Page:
St. Joseph’s House of Hospitality has been feeding the hungry and sheltering the homeless for 75 years.
Every day, the Catholic Worker house opens its doors on South Avenue to offer coffee, a telephone, shower facilities or laundry services to anyone who needs it, explained James Murphy, one of four Catholic Workers at the house.
All of the programs offered by St. Joseph’s House of Hospitality — a soup kitchen, an emergency homeless shelter in the winter, temporary housing, a free store with clothing and other goods, transitional apartments for individuals who suffer from substance addictions — are provided through private donations, Murphy said. The house receives no government or corporate funding, he added.
Dorothy Day, who founded the Catholic Worker movement with Peter Maurin in 1933, would be proud, according to Day’s granddaughter, Martha Hennessy. St. Joseph’s House of Hospitality not only continues to serve the poor where it is needed in central Rochester, it also does a good job of enlisting a multicultural group of volunteers, she noted.
Sam Steele stands in line for lunch Oct. 11 at Rochester’s St. Joseph’s House of Hospitality.
St. Joseph’s House of Hospitality "is one of those Catholic Worker miracles," Hennessy said during a Sept. 29 phone interview with the Catholic Courier. "We are just amazed by the people who come and help out and keep the work going. They are a real gift from God."
Hennessy visited St. Joseph’s House of Hospitality in late September to celebrate the house’s 75th anniversary and its distinction as the oldest Catholic Worker organization that is still providing services in its original location. The Catholic Worker Movement operates more than 200 houses across the globe, she said.
The Diocese of Rochester also is home to two other Catholic Worker houses — Bethany House in Rochester and Peter DeMott House in Ithaca, according to the Catholic Worker website.
The anniversary celebration at St. Joseph’s House of Hospitality included a Mass featuring the House of Mercy choir and a round-table discussion on the continued challenges facing Catholic Worker houses, Hennessy said. One of those challenges is gentrification, when poorer residents are driven out of a neighborhood after property redevelopment causes a rise in real estate prices. This has happened in New York City, Hennessy said, noting that residents who can no longer afford to live near Catholic Worker homes in Manhattan have the added burden of finding transportation back to those Catholic Worker homes in order to receive care.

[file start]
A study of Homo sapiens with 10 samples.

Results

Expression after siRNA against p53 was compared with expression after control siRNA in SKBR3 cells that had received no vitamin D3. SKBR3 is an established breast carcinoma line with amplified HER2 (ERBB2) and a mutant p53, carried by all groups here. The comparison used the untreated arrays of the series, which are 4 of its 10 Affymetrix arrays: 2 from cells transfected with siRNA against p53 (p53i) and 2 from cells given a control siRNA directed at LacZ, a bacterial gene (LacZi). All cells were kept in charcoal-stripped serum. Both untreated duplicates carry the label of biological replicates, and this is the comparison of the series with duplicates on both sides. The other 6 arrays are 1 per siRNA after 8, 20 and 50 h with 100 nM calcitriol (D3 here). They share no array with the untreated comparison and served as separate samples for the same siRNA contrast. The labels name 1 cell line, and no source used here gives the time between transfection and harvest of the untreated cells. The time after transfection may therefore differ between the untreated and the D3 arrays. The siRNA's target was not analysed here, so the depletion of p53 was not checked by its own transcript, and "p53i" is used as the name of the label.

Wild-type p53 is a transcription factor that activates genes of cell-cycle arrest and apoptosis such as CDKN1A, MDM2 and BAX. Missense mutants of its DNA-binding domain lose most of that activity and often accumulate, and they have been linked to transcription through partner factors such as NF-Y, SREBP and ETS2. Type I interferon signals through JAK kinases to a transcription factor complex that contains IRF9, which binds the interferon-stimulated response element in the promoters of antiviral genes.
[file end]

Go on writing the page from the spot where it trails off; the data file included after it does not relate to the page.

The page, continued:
Thankfully, that is not the case in Rochester, she said.
"I was so grateful that many of the folks who come to St. Joe’s for care spoke up and testified (during the roundtable discussion) what a blessing it was to have that house … giving hospitality," Hennessy said.
During an Oct. 11 interview with the Catholic Courier at St. Joseph’s House of Hospitality, James Arnold said the house has been a blessing for him, which is why he now gives back as a volunteer helping set up coffee and serve lunch to about 100 people every day.
Arnold once lived at the house after spending time on the streets in 1998 using and selling drugs, he said. That same year, a group of men he knew made their way to the house, and Arnold followed. He said he never looked back.
"They helped me realize who I am: I am somebody," he said. "They helped me make changes in my life."
St. Joseph’s House of Hospitality referred Arnold to a rehabilitation program, he said, and in 2005, he found his own apartment. Now, he also is a deacon at a local church.
"This is a ministry to me," he said of volunteering at St. Joseph’s House of Hospitality.
The house relies mainly on volunteers like Arnold, as the only paid staff are a cook and an accountant, Murphy explained. The four live-in Catholic Workers only receive room and board, he noted.
Members of the Catholic Worker Movement, Murphy said, "are asked to commit a year to voluntary poverty."
Annie Horras of Idaho is the newest Catholic Worker at St. Joseph’s House of Hospitality. She moved to Rochester following graduation from the University of Idaho and had been assigned as an AmeriCorps volunteer at Roberto Clemente School No. 8 for the past two years.
Horras, 26, said she wanted a change from the kind of volunteer work she was doing with AmeriCorps at the school. She chose to become a Catholic Worker after volunteering at St. Joseph’s House of Hospitality during her time with AmeriCorps, she said.
Becoming a Catholic Worker "has been one of the biggest blessings of my life," she added. "It has been a humbling experience. I’ve realized that I’m no better than anyone else. Even the people who have been living on the streets for years. That could have been me. … I feel like I’m finally a person of the people."
Offering witness and accompaniment is at the core of what St. Joseph’s House of Hospitality does, Murphy noted. And while the house does not provide direct services — other than connecting individuals with housing, food and temporary shelter — Murphy said it brings in local counselors and social workers and other agencies to assist guests with their needs.
"We don’t try and rehabilitate anyone," Murphy remarked. "We try and meet them where they are and walk with them. People will change when they want to change."
EDITOR’S NOTE: Volunteers are needed for overnight shifts during the winter months at the new Dorothy Day House, a temporary homeless shelter that is a joint venture of St. Joseph’s House of Hospitality, the House of Mercy and St. Mary Parish. For more information, visit www.saintjoeshouse.org.